DISTRICT COURT OF NEW YORK, SECOND DISTRICT, NASSAU COUNTY
1969.NY.41021 <http://www.versuslaw.com>; 300 N.Y.S.2d 266; 59 Misc. 2d 601
April 9, 1969
ANTONIO ALTIMARI, INC., PLAINTIFF,v.HOWARD HOCHBERG ET AL., INDIVIDUALLY AND AS PARTNERS DOING BUSINESS UNDER THE NAME OF IVY HOMES, ET AL., DEFENDANTS
Albert A. Dupont for plaintiff.
Morris Rosenblum for defendants.
Harold Fertig, J.
This action was brought by the plaintiff corporation against the defendants to recover the balance due on a contract for certain work, labor and services. At the conclusion of the trial, on motion of the plaintiff, a second cause of action was pleaded alleging a guarantee by the defendants to pay for certain work to be performed by plaintiff. The defense of Statute of Frauds was interposed. The masonry work agreed upon was to be completed by the plaintiff for an agreed price of $40,500. In addition, certain extras were performed and billed at their fair and reasonable value, which together with the original contract price amounted to the total sum of $41,517.50. The plaintiffs were paid $38,537.50, leaving a balance due of $2,980. The issue before this court is whether the individual defendants in this action are the persons to whom this plaintiff could look for payment.
Prior to the negotiation of this contract this plaintiff had a course of dealings with these defendants as principals in a corporation known as Oakland Associates, Inc. It is the finding of this court that the plaintiff refused to enter into this new contract without some assurance of payment. Some time in December, 1962 the parties met when the individual defendants assured the principals of the plaintiff corporation that in any new contract entered into between the parties, plaintiff would be paid. A question has been presented whether that assurance was in the form of a guarantee to pay for the debt of another which should have been in writing or was an original oral contract. At the time the parties entered into this understanding no mention was made which corporation, if any, was to build the dwellings on 201st Street, the contemplated job, nor was the owner of the property named. It later developed that the premises on which those dwellings were erected were owned by the I. J. R. Building Corp. Both Oakland Associates, Inc. and I. J. R. Building Corp. were corporations in which the individual defendants were substantially interested.
Subdivision 2 of section 5-701 of the General Obligations Law provides that any agreement to answer for the debt of another must be in writing. It has long been the law in this State that whether the assurance by an individual stockholder that a contractor would be paid, was a promise to answer for the debt or default of the corporation or an absolute promise to pay the plaintiff for the job, is a question of fact to be determined by the finder of the facts (Devlin v. Woodgate, 34 Barb. 252; Rosenkranz v. Schreiber Brewing Co., 287 N. Y. 322).
At the time the agreement was made there was no debt owing to the plaintiff, and the promise made by these defendants was in connection with a business proposition in which they had a pecuniary interest (Almond v. Hart, 46 App. Div. 431). The consideration for the agreement to see that this plaintiff was paid, was for the benefit of the defendants independent from any duty or irrespective of any liability of any prime debtor owning the property (Culkin v. Smith, 57 Misc. 2d 901; Raabe v. Squier, 148 N. Y. 81, 87). There was no principal obligation to which this promise to pay could have been collateral with the result that the promise was original. The fact that later payments were made by the I. J. R. Building Corp. and the Wright Construction Company, Inc., did not prevent this plaintiff from later enforcing the agreement which it had with these defendants (Parisi v. Hubbard, 226 App. Div. 280; Desmond v. Schenck, 36 App. Div. 317).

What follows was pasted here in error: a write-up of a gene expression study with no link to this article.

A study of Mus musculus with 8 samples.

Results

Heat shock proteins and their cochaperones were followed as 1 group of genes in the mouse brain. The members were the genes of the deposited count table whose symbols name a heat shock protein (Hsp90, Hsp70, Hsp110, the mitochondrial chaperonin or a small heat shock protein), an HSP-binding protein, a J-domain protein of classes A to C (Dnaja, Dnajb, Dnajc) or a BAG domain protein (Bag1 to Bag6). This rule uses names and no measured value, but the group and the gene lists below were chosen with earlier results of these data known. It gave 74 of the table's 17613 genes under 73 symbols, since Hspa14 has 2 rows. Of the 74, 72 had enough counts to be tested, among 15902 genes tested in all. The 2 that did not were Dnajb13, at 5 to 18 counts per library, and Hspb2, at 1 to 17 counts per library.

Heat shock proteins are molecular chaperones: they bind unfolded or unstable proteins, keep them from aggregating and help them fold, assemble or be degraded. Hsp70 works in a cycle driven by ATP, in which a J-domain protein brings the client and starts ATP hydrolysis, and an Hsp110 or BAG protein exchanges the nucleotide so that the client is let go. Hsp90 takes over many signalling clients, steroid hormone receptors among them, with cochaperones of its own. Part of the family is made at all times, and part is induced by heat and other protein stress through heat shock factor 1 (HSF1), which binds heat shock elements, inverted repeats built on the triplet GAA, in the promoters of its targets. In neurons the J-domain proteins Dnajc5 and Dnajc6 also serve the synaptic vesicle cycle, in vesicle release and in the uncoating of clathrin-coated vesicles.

A case directly in point is that of Schwoerer & Sons v. Stone (130 App. Div. 796) where the plaintiff began work for a corporation; refused to continue and was promised by the individual defendant that he would pay plaintiff. The plaintiff asked for a letter agreement and the defendant refused to furnish it but said, "Go ahead and I will see that you get your money." The plaintiff in that case received checks from corporations in which the individual defendant had an interest. It was held, under those circumstances, that the promise made by that defendant was founded upon new consideration which was work thereafter to be performed and materials thereafter to be furnished, and the individual promisor received a benefit by reason of his interest in the corporation.
This court finds a similar situation existed here. The promise that was made by these individuals was an independent contract made by them for their benefit by seeing that this plaintiff proceeded with the masonry work in the construction in which they had a beneficial interest. Plaintiff relied upon their promise to be responsible for the debt of another and did not come under the Statute of Frauds. Accordingly, judgment is granted to the plaintiff for the sum of $2,980, together with interest from the 1st day of January, 1965 and costs and disbursements.
Accordingly, judgment is granted to the plaintiff for the sum of $2,980, together with interest from the 1st day of January, 1965 and costs and disbursements.